Saturday , 25 March 2017

Kitchen Design Tips – Part 2

Part 1 of the kitchen design series looked at how to develop the brief for your kitchen design, including the type of questions you need to be asking the client. We also looked at different layouts, along with the work triangle.

If you missed part 1 click on the button below:

 

In Part 2 we will look at standard kitchen sizes, along with some really useful and important rules of thumb that will help you design a practical and functional kitchen.

Standard kitchen sizes

Kitchens units, appliances and worktops come in standard sizes. These sizes allow for consistency throughout the industry and are a very economical options compared to the requirement of bespoke units at random measurements.

The following table shows coordinated dimensions for kitchen units. The height of worktops should be adapted to suit the height of the user and can vary between 850mm – 950mm – generally speaking 900mm is most common.

Standard kitchen sizes - First In Architecture
 
Standard kitchen sizes - First In Architecture Standard kitchen sizes - First In Architecture Standard kitchen sizes - First In Architecture

Kitchen Design Rules of thumb

There are some fundamental design principles when it comes to planning your kitchen that should be considered. These rules of thumb should help you avoid potential awkward spaces, and poor functionality.

Rule 1 – Kitchen door clearance

Ensure there is at least 400mm clearance between a kitchen door and the nearest units. This essentially means allowing for 1200mm between the units and the wall with the door.
 Kitchen Design Rules of Thumb - First In Architecture

If you are planning a narrow galley style kitchen, and the room is less than 1800mm wide, you cannot comfortably use a standard 600mm deep unit. You may need to use bespoke (however this would affect appliances) – or reconsider your design.

Rule 2 – Distance between units

Allow a minimum 1200mm clearance between runs of units. Most doors open up to around 600mm, i.e. dishwasher, oven door, unit door so a minimum of 1200mm will allow people to pass when then doors are open.

A distance of 1500mm between units will allow two people to pass with ease when the doors are closed.

Kitchen Design Rules of Thumb - First In Architecture

Rule 3 – Work triangle

Try to keep the work triangle to a distance of 7 metres or less, this allows for a comfortable working distance.
Kitchen Design Rules of Thumb - First In Architecture

Rule 4 – Clearance between worktop and wall mounted cabinet

Allow for at least 400mm clearance between the worktop and wall mounted cupboard, to ensure there is sufficient working space below the cupboard on the worktop.
Kitchen Design Rules of Thumb - First In Architecture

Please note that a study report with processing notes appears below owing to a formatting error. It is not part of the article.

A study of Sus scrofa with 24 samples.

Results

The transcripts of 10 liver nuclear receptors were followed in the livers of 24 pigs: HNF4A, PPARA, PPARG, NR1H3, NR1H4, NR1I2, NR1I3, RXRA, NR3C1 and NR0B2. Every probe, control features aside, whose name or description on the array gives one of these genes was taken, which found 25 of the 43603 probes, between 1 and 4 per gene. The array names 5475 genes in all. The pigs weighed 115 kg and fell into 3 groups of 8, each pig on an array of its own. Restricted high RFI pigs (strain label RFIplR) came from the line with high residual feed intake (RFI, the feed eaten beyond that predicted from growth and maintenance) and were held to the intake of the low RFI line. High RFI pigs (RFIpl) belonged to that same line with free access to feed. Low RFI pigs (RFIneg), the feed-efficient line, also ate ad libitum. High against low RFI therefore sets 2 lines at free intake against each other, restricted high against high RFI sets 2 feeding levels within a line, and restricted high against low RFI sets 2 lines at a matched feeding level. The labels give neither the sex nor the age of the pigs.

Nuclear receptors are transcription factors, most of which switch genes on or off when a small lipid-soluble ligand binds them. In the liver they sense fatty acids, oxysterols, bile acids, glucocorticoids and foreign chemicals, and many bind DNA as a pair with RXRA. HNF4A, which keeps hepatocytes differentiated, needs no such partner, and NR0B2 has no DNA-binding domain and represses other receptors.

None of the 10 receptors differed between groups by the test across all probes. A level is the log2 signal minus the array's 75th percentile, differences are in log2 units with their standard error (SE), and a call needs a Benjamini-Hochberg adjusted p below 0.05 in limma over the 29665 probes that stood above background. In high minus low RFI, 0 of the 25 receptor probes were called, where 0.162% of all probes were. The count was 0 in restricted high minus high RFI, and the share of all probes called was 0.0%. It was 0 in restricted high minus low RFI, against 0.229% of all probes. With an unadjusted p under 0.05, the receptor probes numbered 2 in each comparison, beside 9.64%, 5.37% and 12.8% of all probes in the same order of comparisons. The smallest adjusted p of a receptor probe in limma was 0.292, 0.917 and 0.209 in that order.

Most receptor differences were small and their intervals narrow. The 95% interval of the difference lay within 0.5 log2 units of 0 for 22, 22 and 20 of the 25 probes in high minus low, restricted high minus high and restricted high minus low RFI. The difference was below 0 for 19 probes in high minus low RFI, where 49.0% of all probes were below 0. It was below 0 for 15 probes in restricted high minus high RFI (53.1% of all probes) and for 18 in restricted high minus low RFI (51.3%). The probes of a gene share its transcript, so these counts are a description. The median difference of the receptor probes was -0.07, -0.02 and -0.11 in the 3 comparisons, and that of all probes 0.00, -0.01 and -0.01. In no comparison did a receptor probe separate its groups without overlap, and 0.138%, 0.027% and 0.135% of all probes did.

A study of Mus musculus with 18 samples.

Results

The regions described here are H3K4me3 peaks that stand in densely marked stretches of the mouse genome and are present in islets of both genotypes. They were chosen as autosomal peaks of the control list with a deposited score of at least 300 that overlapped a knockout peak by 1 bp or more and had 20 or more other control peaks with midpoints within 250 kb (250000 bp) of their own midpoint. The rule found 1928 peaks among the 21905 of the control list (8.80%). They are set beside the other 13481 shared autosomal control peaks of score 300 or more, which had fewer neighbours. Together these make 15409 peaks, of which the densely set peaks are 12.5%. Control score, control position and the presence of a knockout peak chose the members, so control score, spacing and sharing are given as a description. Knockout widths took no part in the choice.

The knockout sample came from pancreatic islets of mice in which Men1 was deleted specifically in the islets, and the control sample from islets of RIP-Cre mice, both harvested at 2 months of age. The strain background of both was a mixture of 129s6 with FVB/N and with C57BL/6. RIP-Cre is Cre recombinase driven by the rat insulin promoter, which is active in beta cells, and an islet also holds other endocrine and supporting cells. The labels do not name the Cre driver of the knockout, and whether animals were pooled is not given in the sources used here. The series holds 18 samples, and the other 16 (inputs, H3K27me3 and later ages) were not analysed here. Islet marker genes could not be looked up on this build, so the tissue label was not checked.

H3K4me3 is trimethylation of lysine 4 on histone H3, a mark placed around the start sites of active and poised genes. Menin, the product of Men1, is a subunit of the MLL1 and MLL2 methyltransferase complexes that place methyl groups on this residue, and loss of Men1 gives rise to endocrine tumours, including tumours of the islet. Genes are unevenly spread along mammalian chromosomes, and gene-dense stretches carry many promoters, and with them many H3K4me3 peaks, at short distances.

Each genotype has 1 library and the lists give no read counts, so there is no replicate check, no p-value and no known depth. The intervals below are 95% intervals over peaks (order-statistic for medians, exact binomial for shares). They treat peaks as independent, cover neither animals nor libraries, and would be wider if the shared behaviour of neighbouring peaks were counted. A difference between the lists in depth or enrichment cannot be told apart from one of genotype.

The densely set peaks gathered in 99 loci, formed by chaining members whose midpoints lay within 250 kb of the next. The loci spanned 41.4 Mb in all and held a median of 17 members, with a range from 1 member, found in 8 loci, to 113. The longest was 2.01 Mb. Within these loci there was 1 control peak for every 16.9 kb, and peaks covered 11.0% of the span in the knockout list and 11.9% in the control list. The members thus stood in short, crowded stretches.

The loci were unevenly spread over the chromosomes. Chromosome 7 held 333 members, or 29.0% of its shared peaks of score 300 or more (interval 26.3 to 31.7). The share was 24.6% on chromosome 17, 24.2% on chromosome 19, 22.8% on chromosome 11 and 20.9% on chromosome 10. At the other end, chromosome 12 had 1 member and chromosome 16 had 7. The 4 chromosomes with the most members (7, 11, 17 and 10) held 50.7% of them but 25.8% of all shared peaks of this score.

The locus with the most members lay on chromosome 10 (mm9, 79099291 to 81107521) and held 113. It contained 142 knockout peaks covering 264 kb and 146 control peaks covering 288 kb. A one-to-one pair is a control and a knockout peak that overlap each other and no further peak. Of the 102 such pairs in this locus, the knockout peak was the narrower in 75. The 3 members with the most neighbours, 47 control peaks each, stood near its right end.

Rule 5 – Door Interference

Ensure no entry doors or appliance doors interfere with one another.
Kitchen Design Rules of Thumb - First In Architecture

Rule 6 – Distance behind seating

Ensure you provide enough space behind a seated diner to allow traffic to pass.

The minimum clearance from the table or counter to any wall or other obstruction behind the seating area is 800mm.

If someone is to walk past, a distance of 1100mm should be provided. For a wheelchair to comfortably move past the seated diner a distance of 1500mm should be provided.

Rule 7 – Food preparation and work area

Allow a minimum of 800mm width worktop next to a sink for food preparation and work area.

Kitchen Design Rules of Thumb - First In Architecture

Rule 8 – Cooking surface

Allow a minimum of 300mm either side of the hob to ensure suitable work space either side of the cooking area. Also ensure that there is a non combustable surface above the hob and a clearance of at least 600mm.

Kitchen Design Rules of Thumb - First In Architecture

Rule 9 – Traffic

Your kitchen should not be a main thoroughfare to the rest of the house. Make sure traffic does not cross the kitchen work triangle.

Rule 10 – Don’t break up the workspace

Aim to keep things flowing, don’t place a full height cabinet or appliance between any two of the major work centres.

Rule 11 – Place the sink in the centre

The sink should ideally be positioned in the centre of the work triangle as it is the most used area of the kitchen.

Kitchen Design Rules of Thumb - First In Architecture

Rule 12 – Dishwashers

When positioning your dishwasher, ensure it is at least 500mm from a corner, to allow loading from both sides. Also ensure there is standing space in front of the dishwasher for unloading.
Kitchen Design Rules of Thumb - First In Architecture

Rule 13 – Oven set down space

A minimum of 400mm is required beside an oven to be used as a set down space. The same goes for a microwave.
Kitchen Design Rules of Thumb - First In Architecture

Rule 14 – Fridge set down space

Ideally a minimum of 400mm worktop space should be allowed for on the door opening side of the fridge for setting down items.
Kitchen Design Rules of Thumb - First In Architecture

Rule 15 – Fire

Don’t forget the fire regulations, and the necessary provision of smoke detectors, and extinguishers according to the regulations.

Rule 16 – Regulations

Be sure to check the building regulations and standards to ensure your kitchen design complies.

You can download all of the drawings in this post as cad dwgs, by clicking on the button below.

Click here to download the drawings

In Part 3 of the Kitchen Design series we will look at designing for accessibility. This will include loads of helpful tips and ideas to make your kitchen design wheelchair user friendly, work better for people with disabilities or the elderly. Check back soon – this one is going to be really helpful.


  1. Fantastic set of tips and advice for kitchen design!